365: Trees and Forests in Normandy
If there is one thing we have learnt from the Covid pandmic it's how much we need our outdoor spaces. With this in mind week 18 of our blog series of 365 things to ses and do in Normandy is all about our trees and forests. From individual remarkable trees to large forests you are never far from these magnificent plants when in Normandy.
Trees and Forests in Normandy
1. The Bayeux Weeping Beech Tree
For many people The Bayeux Tapestry is probably the first place to head for when visiting this town west of Caen. But Bayeux has so much more to offer the visitor than just this wonderful piece of needlework so make sure you leave enough time to explore the narrow streets with medieval buildings, its stunning cathedral and finally The Botanic Gardens. Here you will find one of the world's largest weeping beech trees, planted in 1860 and I can assure you that you will not be disappointed. From afar it is unassuming but it's true glory is appreciated as you walk through the weeping branches and stand under the canopy. It is little wonder why this tree has the status of Un Arbre Remarquable de France.
2. La Royauté Arboretum, Saint Denis de Méré
At this arboretum, just 15 minutes from the gite, you can discover 150 different tree species in 7ha of landscaped grounds. It has free entry and it is open all year with a 4.5km trail through the trees as well as a children's play area and picnic site.
Image credit - Normandy Tourism
3. Estry Yew - L'if millénaire d'Estry
Found in the churchyard at Estry, also only 15 minsutes from the gite, this is the second remarkable tree in my list. In Pagan times yew trees were seen as the link between the living and the dead and burials took place around them. Many early Christian churches were built on Pagan site with the yew trees allowed to grow and flourish not least because they provided the timber for bows. The Estry Yew tree is definitely over 1000 years old but no-one knows exactly when it was planted. Some believe it may be 1600 years old. It is a massive tree with roots reaching 30m from its trunk, a massive canopy and a trunk circumference of 12m. Despite its great age it is still growing although the trunk is now hollow.
Image credit - Ikmo-ned, CC BY-SA 3.0 <https://creativecommons.org/licenses/by-sa/3.0>, via Wikimedia Commons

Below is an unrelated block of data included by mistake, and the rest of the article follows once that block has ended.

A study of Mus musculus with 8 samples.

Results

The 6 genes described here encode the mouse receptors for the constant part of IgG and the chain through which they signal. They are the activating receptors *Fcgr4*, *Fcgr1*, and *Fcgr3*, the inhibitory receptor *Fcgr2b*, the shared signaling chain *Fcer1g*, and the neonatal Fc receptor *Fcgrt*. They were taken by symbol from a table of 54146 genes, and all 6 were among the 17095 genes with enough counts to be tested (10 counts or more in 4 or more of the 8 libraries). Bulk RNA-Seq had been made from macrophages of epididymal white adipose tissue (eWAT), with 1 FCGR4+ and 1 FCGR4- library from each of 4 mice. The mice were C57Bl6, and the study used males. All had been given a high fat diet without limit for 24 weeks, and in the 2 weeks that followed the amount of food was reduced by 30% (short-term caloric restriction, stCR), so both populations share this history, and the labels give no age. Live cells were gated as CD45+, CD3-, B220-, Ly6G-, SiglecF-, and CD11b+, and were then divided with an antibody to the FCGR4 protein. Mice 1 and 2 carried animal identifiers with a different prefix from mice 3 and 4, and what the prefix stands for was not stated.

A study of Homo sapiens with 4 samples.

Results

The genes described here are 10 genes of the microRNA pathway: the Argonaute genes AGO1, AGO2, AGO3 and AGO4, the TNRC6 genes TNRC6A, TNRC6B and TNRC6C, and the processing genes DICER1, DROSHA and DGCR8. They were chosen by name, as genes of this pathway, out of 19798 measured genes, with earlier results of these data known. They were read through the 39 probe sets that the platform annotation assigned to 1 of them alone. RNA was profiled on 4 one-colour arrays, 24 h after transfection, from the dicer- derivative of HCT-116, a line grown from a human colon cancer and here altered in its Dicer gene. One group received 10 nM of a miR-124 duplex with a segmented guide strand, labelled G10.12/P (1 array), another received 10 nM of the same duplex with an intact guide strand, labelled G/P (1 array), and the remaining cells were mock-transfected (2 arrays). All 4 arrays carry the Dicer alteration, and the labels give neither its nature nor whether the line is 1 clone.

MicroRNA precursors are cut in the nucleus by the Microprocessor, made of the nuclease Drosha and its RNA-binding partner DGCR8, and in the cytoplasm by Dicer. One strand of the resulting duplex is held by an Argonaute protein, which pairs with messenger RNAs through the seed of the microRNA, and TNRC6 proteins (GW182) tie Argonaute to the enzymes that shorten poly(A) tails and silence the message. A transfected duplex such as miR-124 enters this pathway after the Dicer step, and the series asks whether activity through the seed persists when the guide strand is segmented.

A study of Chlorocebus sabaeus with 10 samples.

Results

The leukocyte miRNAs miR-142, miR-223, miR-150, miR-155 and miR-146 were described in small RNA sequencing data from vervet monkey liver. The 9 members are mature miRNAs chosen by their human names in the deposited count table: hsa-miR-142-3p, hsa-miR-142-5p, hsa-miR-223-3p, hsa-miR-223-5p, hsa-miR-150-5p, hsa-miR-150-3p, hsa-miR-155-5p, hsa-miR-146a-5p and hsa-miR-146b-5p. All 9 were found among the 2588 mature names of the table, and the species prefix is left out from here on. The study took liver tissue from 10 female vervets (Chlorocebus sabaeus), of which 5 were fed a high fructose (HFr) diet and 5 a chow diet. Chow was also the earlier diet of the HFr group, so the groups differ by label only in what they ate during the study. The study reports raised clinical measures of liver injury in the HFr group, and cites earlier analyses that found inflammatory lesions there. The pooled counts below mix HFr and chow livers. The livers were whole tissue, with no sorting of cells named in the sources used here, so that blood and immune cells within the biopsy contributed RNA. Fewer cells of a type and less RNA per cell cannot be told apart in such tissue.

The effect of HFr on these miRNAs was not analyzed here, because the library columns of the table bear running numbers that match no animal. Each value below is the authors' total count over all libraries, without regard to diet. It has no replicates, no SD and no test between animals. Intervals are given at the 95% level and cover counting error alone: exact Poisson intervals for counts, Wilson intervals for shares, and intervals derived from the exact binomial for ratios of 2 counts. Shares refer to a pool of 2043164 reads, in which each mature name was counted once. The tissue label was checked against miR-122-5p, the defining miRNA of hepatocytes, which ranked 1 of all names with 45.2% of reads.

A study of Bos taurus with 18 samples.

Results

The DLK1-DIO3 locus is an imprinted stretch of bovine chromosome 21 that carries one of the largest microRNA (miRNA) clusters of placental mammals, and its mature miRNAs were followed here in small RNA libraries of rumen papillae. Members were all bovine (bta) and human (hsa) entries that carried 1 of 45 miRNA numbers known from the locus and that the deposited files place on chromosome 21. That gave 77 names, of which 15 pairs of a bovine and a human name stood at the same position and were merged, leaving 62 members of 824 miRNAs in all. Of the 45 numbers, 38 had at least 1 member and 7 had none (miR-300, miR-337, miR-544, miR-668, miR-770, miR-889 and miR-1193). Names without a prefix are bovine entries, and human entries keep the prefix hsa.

4. Forêt Dominiale de Saint Sever - Noues de Sienne
Saint Sever Forest covers a total of 1,500 hectares and includes a mix of of deciduous and coniferous trees. Visitors will find more than just trees. Enjoy the forest on foot, bike or horseback using the numerous tracks that criss-cross the forest. There is also a specific nature trail with 18 discovery stations, ponds, an arboretum containing over 100 species from around the globe, a fitness trail, orienteering markers and an ornithalogical reserve maintained by the Normandy Ornithological Group. There really is something for everyone here. The Forest is in Noues de Sienne, west of Vire and south of Saint Sever-Calvados, 40 minutes from the gite.
Image credit - Attribution - Suzelfe, CC BY-SA 4.0 <https://creativecommons.org/licenses/by-sa/4.0>, via Wikimedia Commons
5. Foret de Grimbosq
Smaller than Le Forêt de Saint-Sever, Le Forêt de Grimbosq covers 475 hectares but is well worth a visit. Here you will find marked walking and biking routes through the forest and if you click here and scroll to the bottom you can download a guide to the forest and its trails. You can also find a picnic area with a chalet for shelter and toilets, an animal park, two arboretums and, somewhat poignantly, an animal cemetery. The Grimbosq Forest is 7kms north of Thury Harcourt, half a hour from the gite. Mind you when we visited the Forest last summer it was to take advantage of the River Orne that runs alongside and across the north of the area in order to enjoy some wild swimming.
Image credit - Roi.dagobert, CC BY-SA 3.0 <https://creativecommons.org/licenses/by-sa/3.0>, via Wikimedia Commons
6. Vergers de Ducy
Apple orchards are synonymous Normandy and the delightful cider that is produced here. So a blog post on trees would not be complee without an orchard (verger). Les Vergers de Ducy is an organic orchard and producer of cider, pommeau and all sorts of apple related goods which can be bought in the onsite shop. Guided tours are available on request and self guided tours possible during their opening times. The orchard is in Ducy Sainte Marguerite between Bayeux and Caen, just over 40mins from the gite. For more details visit their website - Les Vergers de Ducy.
7. La Chêne Chapel
The final entry in this arboreal post is further away from the gite in the old region of Haute-Normadie but I have included it because it is still in Normandy and is so completely unusual. La Chêne Chapel is an ancient hollow oak tree inside which are two chapels. Situated in the village of Allouville-Bellefosse between Rouen and Fécamp mass is still celebrated in the chapels twice a year and pilgrims visit to pray there on Aug 15th, (Assumption). You can read more about this amazing tree-chapel here.
Image credit - By Ji-Elle - Own work, Public Domain, https://commons.wikimedia.org/w/index.php?curid=3962449
There are a total currently of 47 trees in Normandy that have been awarded the designation of "arbre remarqable de France". The closest to us is another Yew tree in our neighbouring village of Saint Pierre- La-Vieille. The full list of those throughout France can be found on Wikipédia (in French) and you can read more about some of the Normandy remarkable trees here.
Finally, because I think we all need a chuckle/groan here are some (terrible) tree jokes:
What did the tree do when the bank closed?
It opened its own branch!
Would you ever try the acorn diet?
No way! It sounds nuts!
What type of tree likes to give high fives?
A palm tree!
Have you got any more tree jokes? If so do drop us a line in the comments.